Merchants say that they levy administrative fees and impose expiry dates on these cards because these cards create a liability that must be accounted for on the balance sheet. Typically, prepaid gift cards are recorded as prepaid sales liability. Unless gift cards are redeemed, revenue is not recognized because the prepaid sales liability remains on the books. Managing old cards without expiry dates requires records to be kept indefinitely. Since the value of the card is stored electronically, usually through a third-party provider, the management and storage of card status will entail various costs on the part of the retailer. If a small number of cards go unused, the retailer must manage all cards some of which will have very little stored value. Would the retailer have to manage them forever using archival and retrieval systems? Earlier paper-based gift certificates bore no ongoing management costs after issue.
Many gift cards come with terms and conditions such as invalidity on the date of purchase, change will not be given, and the cards must be redeemed by a certain date. Retailers like selling gift cards because they draw immediate loyalty and cash for services of merchandise that will be delivered in the future or never. Eighty percent of gift cards have expiry dates within 24 months of purchase. Retail industry surveys show that approximately 10% of the money stored on gift cards is never used. This value on prepaid gift cards never used to redeem for merchandise is referred to as breakage. In North America, this amounts to an annual windfall of between $4 and $7 billion.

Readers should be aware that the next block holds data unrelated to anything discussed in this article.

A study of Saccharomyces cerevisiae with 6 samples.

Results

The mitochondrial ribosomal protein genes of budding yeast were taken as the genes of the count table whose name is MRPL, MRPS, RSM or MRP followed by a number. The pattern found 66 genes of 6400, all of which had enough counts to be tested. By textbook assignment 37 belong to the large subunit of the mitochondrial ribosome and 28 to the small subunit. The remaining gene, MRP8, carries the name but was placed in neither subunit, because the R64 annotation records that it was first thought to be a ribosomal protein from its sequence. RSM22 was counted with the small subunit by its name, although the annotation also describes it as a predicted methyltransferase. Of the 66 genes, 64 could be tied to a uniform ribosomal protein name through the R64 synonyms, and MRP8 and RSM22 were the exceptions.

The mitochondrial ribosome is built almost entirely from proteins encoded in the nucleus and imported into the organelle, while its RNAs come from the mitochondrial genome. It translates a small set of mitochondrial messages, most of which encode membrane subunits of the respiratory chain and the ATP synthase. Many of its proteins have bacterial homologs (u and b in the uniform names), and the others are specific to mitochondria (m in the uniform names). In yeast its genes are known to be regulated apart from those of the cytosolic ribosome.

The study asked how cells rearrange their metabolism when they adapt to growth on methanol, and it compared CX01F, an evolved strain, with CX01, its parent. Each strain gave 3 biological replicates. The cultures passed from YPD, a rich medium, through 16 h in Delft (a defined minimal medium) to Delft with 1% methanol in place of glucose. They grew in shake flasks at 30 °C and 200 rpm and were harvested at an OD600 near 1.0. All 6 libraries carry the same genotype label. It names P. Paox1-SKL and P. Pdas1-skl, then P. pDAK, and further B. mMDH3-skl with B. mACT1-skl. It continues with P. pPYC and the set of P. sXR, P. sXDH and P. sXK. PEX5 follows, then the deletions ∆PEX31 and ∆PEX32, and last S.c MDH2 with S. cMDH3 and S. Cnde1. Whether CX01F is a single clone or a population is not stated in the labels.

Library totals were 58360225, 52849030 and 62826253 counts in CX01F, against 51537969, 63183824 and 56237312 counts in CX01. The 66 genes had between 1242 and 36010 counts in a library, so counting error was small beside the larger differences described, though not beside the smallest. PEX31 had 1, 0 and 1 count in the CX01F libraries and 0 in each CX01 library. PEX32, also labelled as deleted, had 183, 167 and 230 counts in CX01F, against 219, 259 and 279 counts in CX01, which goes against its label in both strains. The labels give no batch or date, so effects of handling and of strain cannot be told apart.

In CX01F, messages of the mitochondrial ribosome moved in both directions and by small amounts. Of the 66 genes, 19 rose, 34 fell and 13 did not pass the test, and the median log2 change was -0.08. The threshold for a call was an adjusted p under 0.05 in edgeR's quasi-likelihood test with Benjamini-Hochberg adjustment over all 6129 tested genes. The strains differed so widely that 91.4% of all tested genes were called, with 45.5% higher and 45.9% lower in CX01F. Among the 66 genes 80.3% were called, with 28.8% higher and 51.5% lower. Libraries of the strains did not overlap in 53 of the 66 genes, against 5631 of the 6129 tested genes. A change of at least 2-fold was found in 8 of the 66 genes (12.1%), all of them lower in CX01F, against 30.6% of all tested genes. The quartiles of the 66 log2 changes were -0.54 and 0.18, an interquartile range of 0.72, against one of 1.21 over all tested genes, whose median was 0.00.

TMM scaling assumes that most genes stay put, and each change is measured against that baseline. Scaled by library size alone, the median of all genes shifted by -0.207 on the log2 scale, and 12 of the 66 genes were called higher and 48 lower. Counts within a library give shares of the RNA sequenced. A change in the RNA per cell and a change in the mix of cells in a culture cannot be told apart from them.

As a matter of legal policy, this is a product that warrants legislative intervention to protect the consumer interest. The economic stakes of the prepaid gift card industry are significant and growing. At the point of sale, there is a likelihood of mischief in the understatement of fees and the expiry of cards. The cards are knowingly sold to customers who likely will not be using them ultimately, and the wide representation that they are as good as cash is apt to be misleading in the circumstances. Both purchaser and consumer of the cards are not having their reasonable expectations met in these prepaid cards. The inherent third party consumer problem may lead to greater breakage rates as the recipients of these gift cards feel powerless to complain to the merchant or the donor. Any offsetting administrative costs of these cards can be best shifted to the merchants who benefit from the measurable loyalty effects of the cards.
Bowal, Peter, "Playing Your Cards Right", Law Now, Mar/Apr 2008, Vol. 32, Iss. 4; p. 1.